Natalie Mering’s fourth album as Weyes Blood, Titanic Rising, is a satisfying and mostly engaging work that perfectly utilizes the tension between Mering’s dark, emotive vocals and the sunnier, often serene music that supports them. While the title apparently wasn’t meant to allude to the faux Titanic sequel created by characters of the podcast and television series Homecoming, it would have been entirely apt if it was. In that context, Titanic Rising was a practical joke—a lie created and supported by a group of friends all to mess with one other—but one which became a real thing to the lied-to, as well as a sort of beacon of life after war, something to look forward to. Mering’s album examines related feelings: the desire to find something larger than life to pull you out of yourself, as well as the specific power that movies can have to lift you out of reality. The notion of your little bit of salvation being someone else’s joke would also be an appropriately dark lesson that fits alongside Mering’s teachings here about adjusting to life’s unpredictability.
The imagery created through this succinct title is also somehow perfectly appropriate, evoking something long-submerged rising to the surface, perhaps even with a renewed purpose that the action-title verb suggests. Mering’s songs here do contain a thread of that level of resiliency; of pulling something out of your own inner depths to find your strength. The album begins slowly but surely with “A Lot’s Gonna Change,” in which Mering gently warns the listener that a lot will change in their lifetime and that no situation or relationship is guaranteed to last or be consistent. It sounds on paper like a bracing, even cynical statement, but it’s true more often than not and with Mering’s rich voice and the atmospheric production, what she’s saying doesn’t sound cynical or bitter. Rather, she sounds as though she is passing down what she has had to learn to you, in the hopes that you can learn sooner than she did.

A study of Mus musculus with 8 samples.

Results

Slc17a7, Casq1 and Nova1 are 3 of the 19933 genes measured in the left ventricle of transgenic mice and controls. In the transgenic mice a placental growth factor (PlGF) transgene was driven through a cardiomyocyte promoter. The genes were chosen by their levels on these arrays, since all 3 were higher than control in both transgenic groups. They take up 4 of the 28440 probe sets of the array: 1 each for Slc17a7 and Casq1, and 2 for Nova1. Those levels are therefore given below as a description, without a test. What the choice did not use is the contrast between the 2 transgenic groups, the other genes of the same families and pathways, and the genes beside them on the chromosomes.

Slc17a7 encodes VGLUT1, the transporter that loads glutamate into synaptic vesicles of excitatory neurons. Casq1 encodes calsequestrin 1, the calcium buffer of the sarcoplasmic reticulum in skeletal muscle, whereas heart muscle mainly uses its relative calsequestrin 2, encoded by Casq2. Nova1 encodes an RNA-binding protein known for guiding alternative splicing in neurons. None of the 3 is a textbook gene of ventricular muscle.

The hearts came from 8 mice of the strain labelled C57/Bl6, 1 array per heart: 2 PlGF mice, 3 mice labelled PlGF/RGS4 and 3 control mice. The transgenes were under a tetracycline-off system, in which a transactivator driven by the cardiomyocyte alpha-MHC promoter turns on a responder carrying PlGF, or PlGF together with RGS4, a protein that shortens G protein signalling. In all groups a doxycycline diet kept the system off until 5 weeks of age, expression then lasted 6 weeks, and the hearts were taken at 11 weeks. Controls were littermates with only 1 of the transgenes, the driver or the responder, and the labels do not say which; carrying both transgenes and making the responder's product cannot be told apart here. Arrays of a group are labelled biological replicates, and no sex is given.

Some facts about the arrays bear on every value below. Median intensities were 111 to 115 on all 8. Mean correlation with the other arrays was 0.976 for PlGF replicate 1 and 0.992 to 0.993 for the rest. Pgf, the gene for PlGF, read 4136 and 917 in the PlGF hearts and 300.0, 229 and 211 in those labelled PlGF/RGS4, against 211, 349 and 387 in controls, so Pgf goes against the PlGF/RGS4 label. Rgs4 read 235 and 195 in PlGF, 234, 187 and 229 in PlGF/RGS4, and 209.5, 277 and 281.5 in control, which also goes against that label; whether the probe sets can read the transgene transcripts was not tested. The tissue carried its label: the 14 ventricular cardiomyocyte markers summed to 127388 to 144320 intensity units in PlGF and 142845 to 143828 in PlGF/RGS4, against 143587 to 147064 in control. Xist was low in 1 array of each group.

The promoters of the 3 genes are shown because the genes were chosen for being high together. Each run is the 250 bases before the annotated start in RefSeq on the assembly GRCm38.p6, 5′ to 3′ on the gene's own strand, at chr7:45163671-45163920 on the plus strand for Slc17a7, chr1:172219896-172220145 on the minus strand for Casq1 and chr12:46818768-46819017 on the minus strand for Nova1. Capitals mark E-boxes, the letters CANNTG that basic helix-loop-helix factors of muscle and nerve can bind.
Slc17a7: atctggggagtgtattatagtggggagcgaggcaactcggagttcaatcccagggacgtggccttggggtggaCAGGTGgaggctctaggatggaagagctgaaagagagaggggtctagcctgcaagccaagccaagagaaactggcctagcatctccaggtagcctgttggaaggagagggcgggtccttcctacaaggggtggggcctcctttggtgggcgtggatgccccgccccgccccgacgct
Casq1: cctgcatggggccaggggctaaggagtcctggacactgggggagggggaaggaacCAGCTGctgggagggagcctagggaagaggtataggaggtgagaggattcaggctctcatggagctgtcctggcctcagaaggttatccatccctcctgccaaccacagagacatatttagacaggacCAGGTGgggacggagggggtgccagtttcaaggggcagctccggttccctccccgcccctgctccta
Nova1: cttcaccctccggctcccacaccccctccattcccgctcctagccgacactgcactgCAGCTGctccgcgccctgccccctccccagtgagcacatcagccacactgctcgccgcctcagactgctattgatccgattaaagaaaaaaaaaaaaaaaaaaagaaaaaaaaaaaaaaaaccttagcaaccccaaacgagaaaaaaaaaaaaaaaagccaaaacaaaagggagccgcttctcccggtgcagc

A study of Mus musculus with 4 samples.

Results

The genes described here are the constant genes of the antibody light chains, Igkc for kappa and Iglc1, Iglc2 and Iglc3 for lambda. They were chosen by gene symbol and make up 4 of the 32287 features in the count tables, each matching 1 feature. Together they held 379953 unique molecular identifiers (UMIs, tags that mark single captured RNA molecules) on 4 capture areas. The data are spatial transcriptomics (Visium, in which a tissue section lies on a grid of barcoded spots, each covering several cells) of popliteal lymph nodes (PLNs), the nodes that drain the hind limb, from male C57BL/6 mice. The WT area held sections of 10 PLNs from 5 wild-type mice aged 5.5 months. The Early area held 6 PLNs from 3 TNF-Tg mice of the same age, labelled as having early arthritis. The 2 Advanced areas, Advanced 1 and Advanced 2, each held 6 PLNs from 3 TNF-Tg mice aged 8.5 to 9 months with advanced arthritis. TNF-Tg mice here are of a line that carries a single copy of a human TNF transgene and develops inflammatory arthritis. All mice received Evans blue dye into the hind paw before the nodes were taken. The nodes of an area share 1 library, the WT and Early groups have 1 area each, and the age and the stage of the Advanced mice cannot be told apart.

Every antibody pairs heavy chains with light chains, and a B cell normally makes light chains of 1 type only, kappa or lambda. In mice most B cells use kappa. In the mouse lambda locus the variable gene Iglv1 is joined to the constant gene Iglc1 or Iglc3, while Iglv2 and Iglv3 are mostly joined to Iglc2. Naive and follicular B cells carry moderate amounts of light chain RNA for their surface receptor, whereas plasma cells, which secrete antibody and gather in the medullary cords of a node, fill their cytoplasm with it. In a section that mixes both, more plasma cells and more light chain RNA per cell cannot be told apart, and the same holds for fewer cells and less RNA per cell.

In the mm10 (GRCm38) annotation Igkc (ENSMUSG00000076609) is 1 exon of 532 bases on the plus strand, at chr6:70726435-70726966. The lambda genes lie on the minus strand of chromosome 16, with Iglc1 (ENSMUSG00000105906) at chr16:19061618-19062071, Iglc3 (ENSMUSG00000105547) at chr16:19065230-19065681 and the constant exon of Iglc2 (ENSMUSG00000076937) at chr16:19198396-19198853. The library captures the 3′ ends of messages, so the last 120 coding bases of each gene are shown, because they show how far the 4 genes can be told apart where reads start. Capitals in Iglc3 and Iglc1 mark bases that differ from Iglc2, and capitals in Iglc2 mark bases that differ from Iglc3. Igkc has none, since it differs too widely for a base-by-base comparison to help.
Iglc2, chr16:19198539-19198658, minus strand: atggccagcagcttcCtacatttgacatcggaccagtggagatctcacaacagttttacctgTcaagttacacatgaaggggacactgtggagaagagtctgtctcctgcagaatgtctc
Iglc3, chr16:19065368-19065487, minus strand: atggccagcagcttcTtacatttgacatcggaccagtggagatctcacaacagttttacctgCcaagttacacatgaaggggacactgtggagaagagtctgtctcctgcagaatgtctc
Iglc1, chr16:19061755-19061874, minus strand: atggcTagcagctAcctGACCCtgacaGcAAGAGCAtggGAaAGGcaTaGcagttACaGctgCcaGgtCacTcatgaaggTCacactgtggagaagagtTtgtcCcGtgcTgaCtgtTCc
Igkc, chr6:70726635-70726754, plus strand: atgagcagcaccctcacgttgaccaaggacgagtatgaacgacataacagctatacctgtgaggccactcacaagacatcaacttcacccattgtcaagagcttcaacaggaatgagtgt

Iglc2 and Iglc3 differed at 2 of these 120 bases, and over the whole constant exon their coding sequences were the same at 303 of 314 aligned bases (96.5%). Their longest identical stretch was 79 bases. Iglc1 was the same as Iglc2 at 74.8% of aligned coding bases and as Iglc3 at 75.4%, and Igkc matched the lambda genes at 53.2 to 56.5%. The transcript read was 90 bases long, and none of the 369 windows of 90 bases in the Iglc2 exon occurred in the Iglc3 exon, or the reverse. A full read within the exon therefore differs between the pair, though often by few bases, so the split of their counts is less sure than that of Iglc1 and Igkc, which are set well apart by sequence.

Two of the album’s most accessible tracks—and early singles—then follow “A Lot’s Gonna Change.” “Andromeda” is an instantly involving and mini emotional epic, while “Everyday” is the closest thing to a pop single on the album. With its Carol King-esque piano beats and hand claps, “Everyday” is the clearest example of the ‘70s singer-songwriter, soft rock influence that can be found throughout Titanic Rising, and while it starts simple enough it builds to a climax of backing vocals and drums that layer into something completely different than the beginning of the song. It happens a lot on Titanic Rising that you find yourself being swept along on the waves of a track only to find yourself listening to something completely different when it ends four minutes later.
The biggest song on the album is the simply titled “Movies.” It slips into the center of the album and almost overshadows the couple of songs that come after it. Here Mering explores the love of movies that turns into the love of how they make life look, and how that love then results in you comparing your own reality and finding it lacking. Mering explores this tension with appropriately cinematic vocals and sharp strings supporting her realization that she wants to finally feel like the star of her own movie.
Mering’s voice conveys oceanic depths on “Movies,” and on every single track here, making Titanic Rising eminently listenable and dramatically engaging. The often beautiful production buoys the unique, dark tone of her voice that could easily make a song more maudlin than it really is. Rather, the two elements mix expertly to craft a listening experience that eases you in and engages you seamlessly, without making the listening experience a dour chore. Every track comes to you like a wave on the ocean, making a strong impression and then falling back when it has done its job. Titanic Rising is a rewarding listen, and although a few later tracks fade a bit too quickly, the atmosphere and imagery created through the first two-thirds create an album that is definitely worth spending some time with.